Gaming the System at Starbucks


Starbucks Gossip: Howard Schultz apparently hasn't put the brakes on warm sandwiches

Following up on last week's post on Starbucks operations, I found an example of “gaming the numbers” in a different post.

“Gaming the numbers” is a common phenomenon when people are pressured to hit certain numbers (a dynamic that Deming preached against, this idea of “management by objectives” being dysfunctional). I'm often reminded of the three things that can happen when people are pressured to hit numbers (credit to Brian Joiner):

  1. They can distort the numbers,
  2. They can distort the system, or
  3. They can improve the system.

#1 and #2 are usually much easier to do. Click on the “Gaming the Numbers” link at the bottom of the post to see more examples.

Apparently, Starbucks has a staffing/labor formula that's based on workload and volumes. Some stores have new warming equipment (for the breakfast sandwiches some stores are selling) that can also be used for warming muffins or other pastries. At least one employee found a way to distort the system:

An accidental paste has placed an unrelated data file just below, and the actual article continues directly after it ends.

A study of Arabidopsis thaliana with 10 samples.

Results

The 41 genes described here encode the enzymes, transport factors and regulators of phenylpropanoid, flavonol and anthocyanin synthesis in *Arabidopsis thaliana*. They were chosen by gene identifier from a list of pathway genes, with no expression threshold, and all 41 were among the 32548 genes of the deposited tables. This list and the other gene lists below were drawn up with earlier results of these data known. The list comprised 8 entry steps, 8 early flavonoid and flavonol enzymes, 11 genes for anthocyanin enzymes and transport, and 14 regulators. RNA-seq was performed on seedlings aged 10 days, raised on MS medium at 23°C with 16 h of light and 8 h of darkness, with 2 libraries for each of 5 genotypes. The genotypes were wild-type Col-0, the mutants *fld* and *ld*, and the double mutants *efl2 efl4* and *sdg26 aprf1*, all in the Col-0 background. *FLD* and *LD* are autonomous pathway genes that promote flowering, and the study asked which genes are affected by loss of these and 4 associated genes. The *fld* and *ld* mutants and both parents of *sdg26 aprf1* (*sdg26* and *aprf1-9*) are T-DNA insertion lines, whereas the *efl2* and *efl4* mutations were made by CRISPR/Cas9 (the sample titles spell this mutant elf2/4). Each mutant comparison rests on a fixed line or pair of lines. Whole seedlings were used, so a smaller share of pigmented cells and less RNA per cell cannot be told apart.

“It also helps, though it's cheating a little, to press the warming button for EVERY pastry, even when you don't warm them. We earn 1 hour of labor for every ten times we push it per hour during peak. And believe me, that adds up.”

Ah ha, they've found a way to get more labor allocated or budgeted.

Another employee posted a warning:

“Adrienne, just to warn you…The P&AP dept will be looking for that trend in stores and it will be treated as time theft. Please learn a different way to increase labour without “cheating” you could get into trouble!”

The original poster wrote back and said it was her District Manager who had shared the idea!!



    The real problem here is that individual store managers have no power to make their own decisions about labor, etc. That is ridiculous. Not only should the store managers be empowered to successfully run their businesses, but so should the assistant managers and even the baristas. This is exactly the problem companies usually face when they become successful and big. Much as I hate to give the old charlatan a plug, check out Tom Peters’ blog for his take on this exact topic.

  2. Mark Graban says

    From other comments on that blog, it sounds like the stores have some sort of P&L measurement or responsibility. If so, that’s unfair if they really aren’t allowed to run their business. Some employees were begging for additional labor on that blog — give us 40 more hours of labor and let the store use it profitably by improving service, that was the argument they were making.

    Seems reasonable to me.

    Sounds like a very top-down, command-and-control system at Starbucks, doesn’t it?